Gartner released last week its latest Hype Cycle for Emerging Technologies. Last year, big data reigned supreme, at what Gartner calls the “peak of inflated expectations.” But now big data has moved down the “trough of disillusionment,” replaced by the Internet of Things at the top of the hype cycle. In 2012 and in 2013 Gartner’s analysts thought that the Internet of Things had more than 10 years to reach the “plateau of productivity” but this year they give it five to ten years to reach this final stage of maturity. The Internet of Things, says Gartner, “is becoming a vibrant part of our, our customers’ and our partners’ business and IT landscape.”
A new entry to the Hype Cycle this year is “data science,” projected to reach the plateau in 2 to 5 years. It’s more a discipline for dealing with big data then a specific technology or set of technologies, so it’s interesting to note that big data is still considered by Gartner to be 5 to 10 years away from reaching that stage. In its Hype Cycle Special Report Gartner says that “While interest in big data remains undiminished, it has moved beyond the peak because the market has settled into a reasonable set of approaches, and the new technologies and practices are additive to existing solutions.” This statement seems to be a bit premature and the somewhat contradictory assessment of 5 to 10 years to maturity may indicate that Gartner is not entirely confident that the market has indeed “settled.”
Source: Gartner, August 2014
The Special Report is a free document from Gartner, providing a great overview of the “market promotion and perception of value for over 2,000 technologies, services and trends in 119 areas.” In an analysis of the technologies, services, and disciplines that have changed most from 2013 to 2014 in their position on the hype cycle, time to plateau, rating, and adoption rates, Gartner has found that what they call “the four Nexus of Forces (social, mobile, cloud and information),” were highly correlated with the profiles that had changed most significantly on the peak portion of the Hype Cycle. Two trends Gartner called out especially as having an impact at earlier stages of the Hype Cycle were digital business and the Internet of Things.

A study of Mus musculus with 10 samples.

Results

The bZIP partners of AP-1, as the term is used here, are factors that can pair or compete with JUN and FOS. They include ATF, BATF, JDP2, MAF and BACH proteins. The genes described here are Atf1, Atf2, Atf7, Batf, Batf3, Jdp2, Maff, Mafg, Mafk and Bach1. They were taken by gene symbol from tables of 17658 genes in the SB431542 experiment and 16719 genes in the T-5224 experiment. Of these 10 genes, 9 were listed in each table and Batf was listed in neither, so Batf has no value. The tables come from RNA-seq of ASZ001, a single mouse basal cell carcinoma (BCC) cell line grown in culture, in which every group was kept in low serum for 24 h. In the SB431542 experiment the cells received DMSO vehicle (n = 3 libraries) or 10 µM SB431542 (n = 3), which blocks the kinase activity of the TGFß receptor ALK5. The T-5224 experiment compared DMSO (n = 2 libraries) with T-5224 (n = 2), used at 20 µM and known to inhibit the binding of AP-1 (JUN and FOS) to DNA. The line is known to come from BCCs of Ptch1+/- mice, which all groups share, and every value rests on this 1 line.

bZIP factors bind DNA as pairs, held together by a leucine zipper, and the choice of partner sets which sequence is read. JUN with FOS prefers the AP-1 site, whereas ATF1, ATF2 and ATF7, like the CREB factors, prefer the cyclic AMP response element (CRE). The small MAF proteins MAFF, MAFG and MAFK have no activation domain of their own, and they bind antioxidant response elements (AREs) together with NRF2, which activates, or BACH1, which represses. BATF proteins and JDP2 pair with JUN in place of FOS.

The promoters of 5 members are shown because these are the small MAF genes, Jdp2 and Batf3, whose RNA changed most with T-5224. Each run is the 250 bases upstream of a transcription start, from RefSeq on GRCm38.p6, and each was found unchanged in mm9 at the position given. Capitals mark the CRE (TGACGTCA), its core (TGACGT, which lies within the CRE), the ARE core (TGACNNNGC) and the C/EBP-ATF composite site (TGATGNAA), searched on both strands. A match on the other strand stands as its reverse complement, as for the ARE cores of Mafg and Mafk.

Together with Analytics and Mobile Infrastructure, The Internet of Things was also one of the drivers behind the fast movers from innovation triggers (the first stage of the Hype Cycle) towards the peak of inflated expectations. For example, the delivery of analytics capabilities and tools as a service, what Gartner calls business analytics PaaS (baPaaS), moved up 12 positions. Another example is the convergence of IT with Operational Technology (OT) which moved nine positions. The IT/OT convergence, according to Gartner, is the growing use of standard IT technologies in OT vendors’ products, and IT/OT alignment is the organizational response to these changes. The increasing availability of data and the growing sophistication of its analysis are behind the rapid ascendance of some of the trends identified by the Hype Cycle.
Lee Rainie, the director of Internet, Science and Technology research at the Pew Research Center had this assessment of Gartner’s observations about the ups and downs of emerging technologies: “Even though the hype cycle is not specifically based on data, the judgment of Gartner analysts about the state of technology adoption often tracks with opinions of other elite observers. There are sometimes disputes about where on the curve any individual innovation might rest, but there have been few challenges to the general trends it outlines.”
The 2014 Hype Cycle for Emerging Technologies marks the 20th anniversary of this useful tool for tracking the ebb and flow of our periodic bursts of exhilaration and frequent disappointments with technology and business innovations. In this video, Betsy Burton, Gartner’s VP and Distinguished Analyst, talks about the Hype Cycle as a tool for tracking how innovations and their business impact evolve over time and what is new about the 2014 version. “In many cases,” Burton says, “what we’re seeing is a shift from people focused on supporting the infrastructure for supporting information, applications, systems in the cloud and also big data to how we actually apply some of the uses of cloud, big data, and social to real business problems. We’re looking at a shift from a focus on the technology to actually applying this technology to real business needs and business outcomes.”